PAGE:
When I Learnt About Love.; Rubber Gloves; The Monarchy
When I Learnt About Love.
Sunday, my son and I, cut the hedge.
Just as my father once showed me how
in those afternoons of silence,
speechless summer days
when I helped him in the yard.
At one time he would cut by hand
the sharpened shears twisted, ripped,
his hands grew yeasty with blisters.
Later, older, he used electric shears
took concise, propellered, side swipes
as I held the wire out behind him,
as his page boy, communication line
back into the world,
my only job to keep the wire taut,
him safe from himself.
Grandad lay dying in the country hospital.
Around us useless nurses ferried tea, inedible cookies.
The drawn blade of a winter wind
flashed itself at the window, was kept outside
as he pleaded to be let go;
“let me die” he cried “just let me die”
Not knowing how to do their part, what that was
how to console
my children took the hospital gloves,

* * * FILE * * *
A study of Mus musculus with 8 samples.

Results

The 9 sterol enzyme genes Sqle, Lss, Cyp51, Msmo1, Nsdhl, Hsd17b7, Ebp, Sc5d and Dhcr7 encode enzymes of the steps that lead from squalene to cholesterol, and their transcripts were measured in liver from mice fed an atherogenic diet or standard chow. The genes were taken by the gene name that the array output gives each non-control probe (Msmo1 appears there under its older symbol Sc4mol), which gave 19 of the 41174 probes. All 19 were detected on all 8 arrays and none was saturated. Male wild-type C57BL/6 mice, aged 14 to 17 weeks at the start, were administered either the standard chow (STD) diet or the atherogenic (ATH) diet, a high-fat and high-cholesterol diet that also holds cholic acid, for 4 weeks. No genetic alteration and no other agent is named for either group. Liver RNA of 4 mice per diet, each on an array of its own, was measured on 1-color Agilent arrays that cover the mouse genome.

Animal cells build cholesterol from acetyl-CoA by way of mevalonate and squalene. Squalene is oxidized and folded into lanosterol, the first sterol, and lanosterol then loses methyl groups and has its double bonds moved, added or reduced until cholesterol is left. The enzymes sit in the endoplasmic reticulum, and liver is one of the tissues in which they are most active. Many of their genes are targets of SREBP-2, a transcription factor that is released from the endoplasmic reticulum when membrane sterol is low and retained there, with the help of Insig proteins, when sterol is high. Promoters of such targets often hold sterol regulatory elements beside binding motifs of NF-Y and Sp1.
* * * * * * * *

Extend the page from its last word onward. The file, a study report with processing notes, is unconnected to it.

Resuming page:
the packet from the bedside cabinet
inflated the skin thin, bright blue latex,
made them into balloons
No longer hand shape, able to fit us
free from all rational purpose, what they were made for
these ribbed, ridged creatures
with their new bodies
slid themselves away over the bleached-out floors
bobbled silently towards the exit.
It was is mid June, an early heatwave
under a vast open alter of cloudless sky.
My friend Ken and I
drag ourselves home from elementary school.
The streets empty, people indoors, sheltered
making themselves invisible
Parked cars tick, uncurl, soften in deep sun.
By the junkyard, on the sidewalk, twenty Marlboro.
My friend, who has older brothers, is keenest
as he was when we found that porn magazine
with those women with mummy sized breasts
draped inexplicably over fashionable furniture
in unfeasibly clean, uncluttered, houses.
We know that to deliver this stuff to the older ones,
for a while, will give us credibility, status.
In the bushes we try our first cigarette.
We share one
pass it around, choke, splutter, know we are alive.
We are in a rush to leave ourselves behind.
I attempt not to vomit, look up into the sky
feel my stomach rising:
I watch a solitary black jet, soundless, too
high to have features
move itself swiftly over the horizon
going somewhere where there are no children,
Alan Hill is the Poet Laureate of the City of New Westminster BC Canada. He came to live in North America after meeting his Vietnamese Canadian wife whilst living and working in Botswana.